The waiter literally jumped with happiness. And shouted. And kept on jumping and shouting with such unself-conscious joy that we, his customers at the pavement restaurant in Dubrovnik, turned away from the television screen to watch him and to smile.
On the screen the Croatian football team was all in a heap, a pile-on of delight, reserves and manager included, having just scored against Argentina. The Argentinian goalkeeper, whose blunder had led to the goal, looked ready to die. And in the stands, Diego Maradona, as chubby as Elton John, looked ready to weep.
Few of us diners were Croatian. Rather we were tourists, drawn to the Adriatic coast by its Mediterranean bakedness, and to Dubrovnik in particular for its startling medieval beauty, which has seen it used as a set for Game of Thrones.
You can take a guided tour of the Game of Thrones locations, and for a fee you can pose with shield and broadsword, or sit on an actual fake throne, or take a short cruise on a mock-medieval sailing boat and be welcomed aboard by a local dressed in chain mail and a crown of tin.
But it's still a remarkable place. The old city is free of vehicles. The streets are alleyways paved with polished slabs of the local stone. Steep stone staircases are littered with tourists, beetroot from the heat and exertion, leaning against the leprous walls and gasping like goldfish.
The houses, all built of the same stone because that's all there was, are crammed together. From my fourth floor window I look out on a patternless sea of terracotta roof tiles and windows shuttered against the heat and washing strung between tiny balconies, and in and around the roofs fly a thousand wheeling swifts, the signature birds of the area, like slim black fighter planes, defter even than swallows.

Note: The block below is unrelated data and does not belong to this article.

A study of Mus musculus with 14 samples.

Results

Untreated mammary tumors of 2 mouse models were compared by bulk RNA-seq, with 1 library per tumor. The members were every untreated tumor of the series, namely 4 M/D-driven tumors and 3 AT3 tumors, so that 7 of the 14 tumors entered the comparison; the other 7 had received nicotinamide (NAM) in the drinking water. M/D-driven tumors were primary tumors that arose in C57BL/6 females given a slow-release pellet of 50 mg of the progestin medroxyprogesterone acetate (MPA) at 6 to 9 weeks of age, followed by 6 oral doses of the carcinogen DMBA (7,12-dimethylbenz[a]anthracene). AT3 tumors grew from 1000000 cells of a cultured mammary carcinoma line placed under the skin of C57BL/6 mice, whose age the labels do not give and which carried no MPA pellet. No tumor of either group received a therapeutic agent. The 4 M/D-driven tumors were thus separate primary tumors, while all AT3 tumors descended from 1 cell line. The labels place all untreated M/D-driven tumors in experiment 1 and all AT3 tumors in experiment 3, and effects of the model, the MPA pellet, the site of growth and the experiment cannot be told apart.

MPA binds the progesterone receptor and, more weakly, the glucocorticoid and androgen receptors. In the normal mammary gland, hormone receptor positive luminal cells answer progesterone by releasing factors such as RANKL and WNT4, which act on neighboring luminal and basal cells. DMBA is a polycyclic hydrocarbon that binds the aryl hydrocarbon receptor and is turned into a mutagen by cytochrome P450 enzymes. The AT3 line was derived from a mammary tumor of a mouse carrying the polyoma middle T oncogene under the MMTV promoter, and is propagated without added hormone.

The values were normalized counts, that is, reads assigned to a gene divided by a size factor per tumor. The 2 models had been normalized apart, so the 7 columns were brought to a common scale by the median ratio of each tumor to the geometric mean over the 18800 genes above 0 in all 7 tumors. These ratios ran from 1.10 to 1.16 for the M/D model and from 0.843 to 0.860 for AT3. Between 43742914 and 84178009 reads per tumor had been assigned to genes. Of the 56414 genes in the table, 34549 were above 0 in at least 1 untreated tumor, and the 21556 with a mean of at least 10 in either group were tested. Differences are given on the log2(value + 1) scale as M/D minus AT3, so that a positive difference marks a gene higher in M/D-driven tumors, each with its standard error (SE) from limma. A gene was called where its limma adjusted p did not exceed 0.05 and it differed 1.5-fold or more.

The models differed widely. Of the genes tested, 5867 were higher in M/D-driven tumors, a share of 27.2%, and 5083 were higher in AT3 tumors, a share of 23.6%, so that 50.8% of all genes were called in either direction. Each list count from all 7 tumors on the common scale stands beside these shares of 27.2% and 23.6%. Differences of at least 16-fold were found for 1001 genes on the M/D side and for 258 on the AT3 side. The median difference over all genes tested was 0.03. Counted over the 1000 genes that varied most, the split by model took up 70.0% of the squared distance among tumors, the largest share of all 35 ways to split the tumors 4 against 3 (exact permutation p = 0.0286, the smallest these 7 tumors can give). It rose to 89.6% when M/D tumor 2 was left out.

The higgledy piggledy buildings and the cramped streets that our modern sensibilities find beguiling are the consequence of a single need - to be within the shelter of the city walls. Centuries old and metres thick the walls remain intact, defending the city from the hills on one side and the sea on the other.
They are a huge attraction. Thousands do the tour of them each day, walking their crenelated, battlemented length in the heat, taking a million photographs of the enclosed city and the wrinkled Adriatic, and stopping every few hundred yards for ice-cream or for beer.
The walls speak of a time before international law, a time when the simplest way to wealth was to ravage another city state. War in those days was no glamorous televisual fantasy, no bait to lure the tourists, but rather a constant and actual threat to life.
And in these parts it has never ceased to be so. For this is the Balkans, where ethnic divisions run deep and hatreds with them. It's a short drive from here to Serbia, Montenegro and the still disputed Kosovo, and you could throw a stone from here into Bosnia-Herzegovina.
The map is littered with place names recognisable to anyone who paid attention to the news in the 1990s. Here, in Europe, only a quarter of a century ago there were concentration camps, and snipers above townships picking off civilians and heavy artillery shelling ancient towns.
In Soviet times the region was clumped together as Yugoslavia under Tito. But when communism collapsed it splintered along old fault lines. I don't pretend to understand the complexities off it all, but religion played a part, of course.
Serbia down the road is largely Eastern Orthodox Christian, whereas the churches here in what is now Croatia are predominantly Catholic. Meanwhile in Bosnia, sandwiched between them, the majority is Muslim. This region is Belfast and Myanmar rolled into one.
In 1991 the largely Serbian remnants of the Yugoslavian army laid siege to Dubrovnik, lobbing shells into the self-same narrow streets that are now thronged with lardy tourists.
But the city walls remained unbreached, just as they have for centuries, and the besiegers went on their way in the end, and Dubrovnik survived to become part of Croatia as most of its people wished. A Croatia that now plays in the World Cup as an independent nation.
And you can sense the tribal relish in the football, the joy of an ethnic identity recognised. In the waiter's jumping and shouting, his delirium of delight, was all the ancient human pleasure of belonging and of winning. And history suggests there might also be the seed of the next war.